But before he was a progressive guitar hero to millions, Petrucci was, like most of us, a kid who loved heavy rock music and awesome playing. And as he sees it, he just happened to be lucky enough to grow up at a time when both of those things were available in serious abundance.

“I graduated high school in ’85, and I'm probably biased because of my age, but what a great period for music that was,” Petrucci says. “The Scorpions were hitting hard. Maiden. Metallica. I'm just rattling things off. But it was like the densest era of hard rock and metal guitar bands. It was amazing.”

With that in mind, Petrucci phoned Metal Edge in advance of Dream Theater’s U.S. tour in support of their new album, A View from the Top of the World, which kicks off February 2, to talk about some of his favorite players from the era. As a guy who has always worn his influences proudly on his sleeve, he acknowledges with a laugh, “I'm sure that some of these names won’t be a surprise.” Nevertheless, he continues, “these are the players that I was seriously, seriously into, and who influenced me the most.”

Joe Satriani and Steve Vai

Joe Satriani is the first one that comes to mind. Like, how could you not talk about Joe? He and Steve Vai, both those guys were making so much incredible music during the ‘80s and were huge influences on me. With Joe, the first record I heard was Surfing with the Alien, for sure. And then Steve, it was probably when he did Eat ‘Em and Smile with David Lee Roth. Right in that period, ’86, ’87, you're talking about some of the greatest guitar music ever recorded. And then a couple of decades later I found myself touring with them on G3. So it was this incredible experience of having listened to their music and learned their solos note-for-note, and then playing onstage with them. I mean, I used to subscribe to Steve Vai's lessons that he would send through the mail. They were just printed out on paper. [laughs] It was crazy.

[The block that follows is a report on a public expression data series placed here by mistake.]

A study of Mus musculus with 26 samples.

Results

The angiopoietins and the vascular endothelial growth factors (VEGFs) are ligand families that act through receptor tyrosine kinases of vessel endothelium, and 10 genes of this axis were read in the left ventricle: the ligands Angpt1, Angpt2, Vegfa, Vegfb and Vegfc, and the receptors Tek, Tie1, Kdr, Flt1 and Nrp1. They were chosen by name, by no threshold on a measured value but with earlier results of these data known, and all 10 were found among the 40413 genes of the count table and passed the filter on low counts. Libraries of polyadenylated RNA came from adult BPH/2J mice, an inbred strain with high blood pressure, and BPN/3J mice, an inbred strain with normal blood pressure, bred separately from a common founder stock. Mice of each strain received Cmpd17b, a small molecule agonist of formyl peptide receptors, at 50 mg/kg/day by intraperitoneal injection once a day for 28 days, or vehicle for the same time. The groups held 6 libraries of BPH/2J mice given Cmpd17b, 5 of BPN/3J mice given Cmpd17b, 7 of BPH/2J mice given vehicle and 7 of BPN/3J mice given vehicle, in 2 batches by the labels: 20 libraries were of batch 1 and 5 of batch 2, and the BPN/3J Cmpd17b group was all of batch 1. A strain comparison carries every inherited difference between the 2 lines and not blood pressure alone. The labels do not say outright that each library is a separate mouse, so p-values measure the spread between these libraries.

Yngwie Malmsteen

You can't talk about that period without mentioning Yngwie. You heard Yngwie for the first time and you said, “What the hell?...” His whole thing just blew me away. I think when I first heard him, it was on an Alcatrazz tune. It was really early, before [his 1984 solo debut] Rising Force. I didn't know what he looked like or that he was a young guy from Sweden. I pictured an Al Di Meola kind of guy. [laughs] Because I hadn't heard that kind of technique done that way. It was like, what's going on there?

Randy Rhoads

Then of course there's Randy. I mean, when Blizzard of Ozz came out, that was groundbreaking and mind-blowing. And then right after that you had Diary of a Madman. Again, I'm sitting there learning every single Randy solo and song note-for-note, and then playing all those songs in my bands at the time. “Over the Mountain” was one where it had such a wicked solo, and in my school, if you could play the “Over the Mountain” solo, then you were the shit. “Mr. Crowley,” too, because it has that real long outro.

Chris DeGarmo

Queensryche was huge for me. Rage for Order in particular was a big, big album that we were all into. And when I say "we," I mean me and the original Dream Theater guys – John Myung and Kevin Moore and Mike Portnoy. We were huge Queensryche fans. And then after Rage, they came out with Operation: Mindcrime, which was like the most mind-blowing album at the time. I remember going to see them do a signing at a record store and meeting them and giving them our demo tape. This was back when Dream Theater were called Majesty. And then years later we ended up touring with them, which was so cool.

Alex Lifeson

I don't know if he’s necessarily thought of as an ‘80s guy, but that pocket of time in the late ‘70s through the early ‘80s is when my favorite Rush albums were released. Rush is my favorite band of all time, and Alex is one of my favorite guitar players of all time. He’s such a big influence on me not only as a player, but on my sound and style of writing, too. When Dream Theater first came out, a lot of people said we sounded like Rush. I don’t know if that was a criticism or a compliment, but I took it as a compliment, of course!